JAM Magazine Concert Reviews

June 9, 2015
Surf Ballroom and Museum
Clear Lake, IA USA
Review by Jeff Mozey
Photos by Jeff Mozey

Brian Seltzer

Brian Setzer Rocks The Historic Surf Ballroom & Museum

In 97 degree weather, the line of Brian Setzer fans waiting to get into the historic Surf Ballroom & Museum in Clear Lake, Iowa wrapped around the building.

Dressed in 50's inspired clothing, it was evident that these fans were here for the show. Many agreed that it was the perfect venue to see Brian Setzer's Rockabilly Riot perform.

The present ballroom has been standing since 1948 and is also the last place Buddy Holly, Ritchie Valens, and J.P. Richardson "The Big-Bopper" performed before their ill-fated plane ride in February 1959. After the performance in Iowa, the plane destined for Moorhead, Minnesota crashed shortly after takeoff, killing all three musicians and the pilot Roger Peterson.

The combination of the 50's décor along with the memorabilia of this thriving musical time period made the venue a perfect fit for Brain Setzer. Setzer's rockabilly sound is heavily influenced by 50's music, culture, and fashion. It was almost as if the venue was made for him.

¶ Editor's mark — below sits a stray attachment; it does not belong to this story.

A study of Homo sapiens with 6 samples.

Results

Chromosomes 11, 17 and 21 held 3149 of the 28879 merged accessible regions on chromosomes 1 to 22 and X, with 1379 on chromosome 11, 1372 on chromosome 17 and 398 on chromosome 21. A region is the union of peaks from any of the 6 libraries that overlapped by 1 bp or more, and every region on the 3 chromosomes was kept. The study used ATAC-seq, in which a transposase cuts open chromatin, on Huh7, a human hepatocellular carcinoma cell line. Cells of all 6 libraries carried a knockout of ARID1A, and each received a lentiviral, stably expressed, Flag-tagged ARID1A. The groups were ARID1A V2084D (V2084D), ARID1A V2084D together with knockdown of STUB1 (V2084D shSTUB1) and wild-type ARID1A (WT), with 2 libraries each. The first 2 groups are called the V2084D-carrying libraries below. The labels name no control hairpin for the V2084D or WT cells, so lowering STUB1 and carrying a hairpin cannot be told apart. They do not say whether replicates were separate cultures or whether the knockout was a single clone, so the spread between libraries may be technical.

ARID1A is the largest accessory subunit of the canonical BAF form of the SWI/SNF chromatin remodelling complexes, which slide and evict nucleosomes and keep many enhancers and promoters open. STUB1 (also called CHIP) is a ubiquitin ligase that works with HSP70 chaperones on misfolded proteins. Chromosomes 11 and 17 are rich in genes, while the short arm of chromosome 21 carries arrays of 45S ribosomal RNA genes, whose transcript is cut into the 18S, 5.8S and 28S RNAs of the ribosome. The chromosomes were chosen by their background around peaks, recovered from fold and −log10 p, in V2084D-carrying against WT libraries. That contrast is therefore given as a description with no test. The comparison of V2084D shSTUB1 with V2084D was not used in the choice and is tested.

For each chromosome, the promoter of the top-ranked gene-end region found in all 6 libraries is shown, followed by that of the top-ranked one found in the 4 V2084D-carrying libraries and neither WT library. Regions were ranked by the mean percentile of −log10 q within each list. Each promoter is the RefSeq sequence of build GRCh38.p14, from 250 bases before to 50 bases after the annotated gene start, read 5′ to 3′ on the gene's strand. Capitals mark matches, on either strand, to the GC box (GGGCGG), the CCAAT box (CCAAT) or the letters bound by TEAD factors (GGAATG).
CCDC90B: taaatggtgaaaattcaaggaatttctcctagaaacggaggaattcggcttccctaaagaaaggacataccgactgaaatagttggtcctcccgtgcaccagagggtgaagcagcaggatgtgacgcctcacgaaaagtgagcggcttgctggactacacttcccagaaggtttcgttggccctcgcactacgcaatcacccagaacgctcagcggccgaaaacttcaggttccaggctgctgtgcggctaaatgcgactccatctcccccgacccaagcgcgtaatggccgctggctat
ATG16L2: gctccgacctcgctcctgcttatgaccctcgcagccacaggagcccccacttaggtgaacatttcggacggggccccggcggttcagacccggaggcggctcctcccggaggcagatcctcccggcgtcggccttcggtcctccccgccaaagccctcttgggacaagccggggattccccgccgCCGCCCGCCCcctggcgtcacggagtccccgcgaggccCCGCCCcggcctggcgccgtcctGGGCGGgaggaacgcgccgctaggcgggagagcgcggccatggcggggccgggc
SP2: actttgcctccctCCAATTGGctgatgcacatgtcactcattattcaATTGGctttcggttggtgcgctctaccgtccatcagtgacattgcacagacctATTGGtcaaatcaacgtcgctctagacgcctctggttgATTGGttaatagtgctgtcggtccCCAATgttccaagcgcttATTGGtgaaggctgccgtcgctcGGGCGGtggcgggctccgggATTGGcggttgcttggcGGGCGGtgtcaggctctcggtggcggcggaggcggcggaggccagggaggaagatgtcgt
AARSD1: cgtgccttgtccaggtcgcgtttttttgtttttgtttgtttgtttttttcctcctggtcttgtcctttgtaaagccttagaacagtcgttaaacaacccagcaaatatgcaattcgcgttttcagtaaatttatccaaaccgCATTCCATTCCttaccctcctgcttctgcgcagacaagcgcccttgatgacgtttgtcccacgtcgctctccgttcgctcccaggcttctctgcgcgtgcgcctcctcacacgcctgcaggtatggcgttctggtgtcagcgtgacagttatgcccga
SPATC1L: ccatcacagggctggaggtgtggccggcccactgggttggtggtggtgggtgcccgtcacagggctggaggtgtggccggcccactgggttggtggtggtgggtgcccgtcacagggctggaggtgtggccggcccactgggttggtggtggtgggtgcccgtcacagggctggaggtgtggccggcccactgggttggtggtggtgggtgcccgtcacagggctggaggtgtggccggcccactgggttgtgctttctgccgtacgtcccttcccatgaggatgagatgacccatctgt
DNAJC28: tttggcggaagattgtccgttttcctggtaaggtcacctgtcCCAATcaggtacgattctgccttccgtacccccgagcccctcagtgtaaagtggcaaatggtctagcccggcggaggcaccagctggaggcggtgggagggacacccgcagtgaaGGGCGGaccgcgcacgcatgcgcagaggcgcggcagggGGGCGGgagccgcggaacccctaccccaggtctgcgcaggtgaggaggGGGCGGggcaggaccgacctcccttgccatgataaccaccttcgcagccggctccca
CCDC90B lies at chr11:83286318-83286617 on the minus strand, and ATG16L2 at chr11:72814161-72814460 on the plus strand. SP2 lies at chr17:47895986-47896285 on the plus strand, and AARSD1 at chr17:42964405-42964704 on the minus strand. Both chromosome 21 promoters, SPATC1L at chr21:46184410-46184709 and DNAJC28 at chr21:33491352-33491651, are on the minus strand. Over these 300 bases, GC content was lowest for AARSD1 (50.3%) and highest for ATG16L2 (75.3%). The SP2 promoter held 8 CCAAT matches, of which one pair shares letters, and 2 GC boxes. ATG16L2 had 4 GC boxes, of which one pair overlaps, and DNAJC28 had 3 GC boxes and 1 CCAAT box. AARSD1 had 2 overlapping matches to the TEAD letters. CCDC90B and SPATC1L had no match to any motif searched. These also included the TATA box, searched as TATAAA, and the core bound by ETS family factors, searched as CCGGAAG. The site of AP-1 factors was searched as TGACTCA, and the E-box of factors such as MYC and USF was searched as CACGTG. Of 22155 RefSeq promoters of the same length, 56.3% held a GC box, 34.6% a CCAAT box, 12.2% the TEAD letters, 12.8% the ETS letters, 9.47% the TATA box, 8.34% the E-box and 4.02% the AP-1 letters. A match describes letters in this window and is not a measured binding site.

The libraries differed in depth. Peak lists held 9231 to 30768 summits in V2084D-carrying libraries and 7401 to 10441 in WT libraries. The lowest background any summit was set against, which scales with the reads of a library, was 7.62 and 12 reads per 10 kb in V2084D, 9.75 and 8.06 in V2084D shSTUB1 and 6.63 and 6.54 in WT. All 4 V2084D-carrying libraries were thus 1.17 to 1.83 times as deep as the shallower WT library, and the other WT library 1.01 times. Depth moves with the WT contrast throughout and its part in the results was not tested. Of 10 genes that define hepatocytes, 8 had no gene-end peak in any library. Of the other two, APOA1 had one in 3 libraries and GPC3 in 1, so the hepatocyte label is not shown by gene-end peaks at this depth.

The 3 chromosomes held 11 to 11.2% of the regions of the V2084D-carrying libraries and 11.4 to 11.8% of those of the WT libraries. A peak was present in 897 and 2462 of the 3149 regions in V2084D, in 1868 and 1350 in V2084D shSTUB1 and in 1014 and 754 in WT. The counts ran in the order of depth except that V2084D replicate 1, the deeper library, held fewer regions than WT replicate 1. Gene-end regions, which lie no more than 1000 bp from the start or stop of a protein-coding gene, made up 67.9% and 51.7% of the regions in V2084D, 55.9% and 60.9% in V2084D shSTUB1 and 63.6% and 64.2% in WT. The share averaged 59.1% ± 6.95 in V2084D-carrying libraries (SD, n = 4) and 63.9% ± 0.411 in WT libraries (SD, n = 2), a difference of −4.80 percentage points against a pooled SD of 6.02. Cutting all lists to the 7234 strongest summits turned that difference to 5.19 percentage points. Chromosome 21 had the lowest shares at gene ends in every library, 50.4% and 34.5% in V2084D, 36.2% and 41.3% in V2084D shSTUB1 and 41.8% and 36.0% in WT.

Brian took the stage with style, sporting an orange leather jacket and matching Gretsch guitar. He opened the show with "Rumble in Brighton" to the cheer of the crowd, but the cheers were nothing compared to when he and the band knocked out "Stray Cat Strut." Following "Stray Cat Strut," Brain took off his Jacket and seemed to gain a charge of energy. He strutted the stage, often holding his guitar straight up into the air. It was easy to tell from his facial expressions that he was having as much fun as his audience.

As he switched guitars to a sparkled green Gretsch, Brian bellowed with pride, "How could you not sound good with a guitar like this?" It sure sounded good as he played "Drive Like Lightning" and even some memorable covers tunes such as "Folsom Prison Blues," "Blue Moon of Kentucky", and "Great Balls Of Fire." He finished out his set and he and the band left the stage.

To the roar of the crowd, Brain returned alone to play a guitar medley and was soon joined by the rest of the band. They performed one last song, it was the hit "Rock This Town" originally written by Brian and made a hit by his band The Stray Cats in 1982. This song is listed as one of the top 500 songs that have shaped rock and roll. What an ideal song, by a great artist in the perfect venue. As put by George Thorogood, "It doesn't get any more rock and roll than Brian Setzer..." sums up the night pretty accurately.